History of Cognition

History of Cognition

“Cognition” is a term for a wide swath of mental functions that relate to knowledge and information processing.

Learning Objectives

Name major figures in the history of cognition

Key Takeaways

Key Points

  • Cognition is the set of all mental abilities and processes related to knowledge, including attention, memory, judgment, reasoning, problem solving, decision making, and a host of other vital processes.
  • Aristotle, Descartes, and Wundt are among the earliest philosophers who dealt specifically with the act of cognition.
  • Cognitive processes can be analyzed through the lenses of many different fields, including linguistics, anesthesia, neuroscience, education, philosophy, biology, computer science, and psychology.

Key Terms

  • cognition: The set of all mental abilities and processes related to knowledge.
  • cognitive science: An interdisciplinary field that analyses mental functions and processes.

Cogito Ergo Sum

Maybe you’ve heard the phrase I think , therefore I am, or perhaps even the Latin version: Cogito ergo sum. This simple expression is one of enormous philosophical importance, because it is about the act of thinking. Thought has been of fascination to humans for many centuries, with questions like What is thinking? and How do people think? and Why do people think? troubling and intriguing many philosophers, psychologists, scientists, and others.

The word “cognition” is the closest scientific synonym for thinking. It comes from the same root as the Latin word cogito, which is one of the forms of the verb “to know.” Cognition is the set of all mental abilities and processes related to knowledge, including attention, memory, judgment, reasoning, problem solving, decision making, and a host of other vital processes.

Human cognition takes place at both conscious and unconscious levels. It can be concrete or abstract. It is intuitive, meaning that nobody has to learn or be taught how to think. It just happens as part of being human. Cognitive processes use existing knowledge but are capable of generating new knowledge through logic and inference.

History of Cognition

People have been studying knowledge in various ways for centuries. Some of the most important figures in the study of cognition are:

Aristotle (384–322 BCE)

The study of human cognition began over two thousand years ago. The Greek philosopher Aristotle was interested in many fields, including the inner workings of the mind and how they affect the human experience. He also placed great importance on ensuring that his studies and ideas were based on empirical evidence (scientific information that is gathered through observation and careful experimentation).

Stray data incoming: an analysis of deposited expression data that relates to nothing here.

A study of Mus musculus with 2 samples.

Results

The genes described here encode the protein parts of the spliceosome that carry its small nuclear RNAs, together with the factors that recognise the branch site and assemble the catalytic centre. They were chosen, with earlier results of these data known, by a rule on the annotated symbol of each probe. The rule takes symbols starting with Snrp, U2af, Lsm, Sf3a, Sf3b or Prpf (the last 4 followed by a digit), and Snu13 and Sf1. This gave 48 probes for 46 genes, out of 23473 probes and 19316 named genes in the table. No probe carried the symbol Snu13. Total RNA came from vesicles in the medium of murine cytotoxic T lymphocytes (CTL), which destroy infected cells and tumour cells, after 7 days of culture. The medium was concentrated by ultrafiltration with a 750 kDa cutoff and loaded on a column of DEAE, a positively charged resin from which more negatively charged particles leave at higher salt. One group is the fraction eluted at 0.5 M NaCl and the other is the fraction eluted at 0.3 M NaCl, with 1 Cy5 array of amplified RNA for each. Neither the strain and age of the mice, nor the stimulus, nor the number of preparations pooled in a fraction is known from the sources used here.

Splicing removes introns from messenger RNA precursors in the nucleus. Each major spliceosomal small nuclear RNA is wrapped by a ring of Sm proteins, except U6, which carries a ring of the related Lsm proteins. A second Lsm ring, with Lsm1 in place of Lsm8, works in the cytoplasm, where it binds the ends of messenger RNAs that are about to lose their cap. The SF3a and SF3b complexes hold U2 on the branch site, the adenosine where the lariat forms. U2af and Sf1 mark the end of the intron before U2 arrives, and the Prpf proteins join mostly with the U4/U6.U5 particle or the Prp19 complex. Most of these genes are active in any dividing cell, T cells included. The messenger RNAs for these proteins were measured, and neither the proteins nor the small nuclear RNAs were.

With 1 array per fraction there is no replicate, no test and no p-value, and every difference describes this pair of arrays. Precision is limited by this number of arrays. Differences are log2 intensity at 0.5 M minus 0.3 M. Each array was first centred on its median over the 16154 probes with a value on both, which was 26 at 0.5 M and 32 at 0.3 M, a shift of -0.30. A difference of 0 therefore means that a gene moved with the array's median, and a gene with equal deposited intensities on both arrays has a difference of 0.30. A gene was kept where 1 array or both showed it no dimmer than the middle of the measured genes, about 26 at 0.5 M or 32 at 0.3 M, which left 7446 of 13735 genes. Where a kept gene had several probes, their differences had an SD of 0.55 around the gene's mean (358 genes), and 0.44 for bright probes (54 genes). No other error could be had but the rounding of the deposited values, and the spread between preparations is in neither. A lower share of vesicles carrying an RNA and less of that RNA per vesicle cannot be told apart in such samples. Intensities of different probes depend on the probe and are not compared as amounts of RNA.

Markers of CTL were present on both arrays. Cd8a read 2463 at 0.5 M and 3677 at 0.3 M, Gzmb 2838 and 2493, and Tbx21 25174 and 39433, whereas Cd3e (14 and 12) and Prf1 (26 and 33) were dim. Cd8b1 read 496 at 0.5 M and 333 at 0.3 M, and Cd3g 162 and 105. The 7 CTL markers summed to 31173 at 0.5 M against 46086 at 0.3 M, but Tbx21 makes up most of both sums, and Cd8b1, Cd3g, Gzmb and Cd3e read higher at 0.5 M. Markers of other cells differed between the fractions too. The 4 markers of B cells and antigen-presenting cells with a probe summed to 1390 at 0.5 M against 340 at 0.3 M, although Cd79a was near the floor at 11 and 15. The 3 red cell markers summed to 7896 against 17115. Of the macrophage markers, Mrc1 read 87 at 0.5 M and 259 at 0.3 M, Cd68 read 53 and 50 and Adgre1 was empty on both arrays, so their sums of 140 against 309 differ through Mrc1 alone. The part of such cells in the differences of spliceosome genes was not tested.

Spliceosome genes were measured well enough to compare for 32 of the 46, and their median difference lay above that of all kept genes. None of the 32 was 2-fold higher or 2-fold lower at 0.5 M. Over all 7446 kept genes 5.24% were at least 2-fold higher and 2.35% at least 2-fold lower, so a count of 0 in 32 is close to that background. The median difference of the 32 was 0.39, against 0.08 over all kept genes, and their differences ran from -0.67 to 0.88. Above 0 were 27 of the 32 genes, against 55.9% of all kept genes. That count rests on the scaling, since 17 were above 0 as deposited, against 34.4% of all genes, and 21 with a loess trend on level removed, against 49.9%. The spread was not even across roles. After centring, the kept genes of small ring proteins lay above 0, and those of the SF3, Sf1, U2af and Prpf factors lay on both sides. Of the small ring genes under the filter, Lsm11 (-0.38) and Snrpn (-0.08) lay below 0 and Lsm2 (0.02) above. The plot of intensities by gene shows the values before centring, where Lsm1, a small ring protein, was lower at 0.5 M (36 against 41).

Descartes (1596–1650) 

René Descartes was a seventeenth-century philosopher who coined the famous phrase I think, therefore I am (albeit in French). The simple meaning of this phrase is that the act of thinking proves that a thinker exists. Descartes came up with this idea when trying to prove whether anyone could truly know anything despite the fact that our senses sometimes deceive us. As he explains, “We cannot doubt of our existence while we doubt.”

Wilhelm Wundt (1832–1920)

Wilhelm Wundt is considered one of the founding figures of modern psychology; in fact, he was the first person to call himself a psychologist. Wundt believed that scientific psychology should focus on introspection, or analysis of the contents of one’s own mind and experience. Though today Wundt’s methods are recognized as being subjective and unreliable, he is one of the important figures in the study of cognition because of his examination of human thought processes.

Cognition, Psychology, and Cognitive Science

The term “cognition” covers a wide swath of processes, everything from memory to attention. These processes can be analyzed through the lenses of many different fields: linguistics, anesthesia, neuroscience, education, philosophy, biology, computer science, and of course, psychology, to name a few. Because of the number of disciplines that study cognition to some degree, the term can have different meanings in different contexts. For example, in psychology, “cognition” usually refers to processing of neural information; in social psychology the term “social cognition” refers to attitudes and group attributes.

These numerous approaches to the analysis of cognition are synthesized in the relatively new field of cognitive science, the interdisciplinary study of mental processes and functions.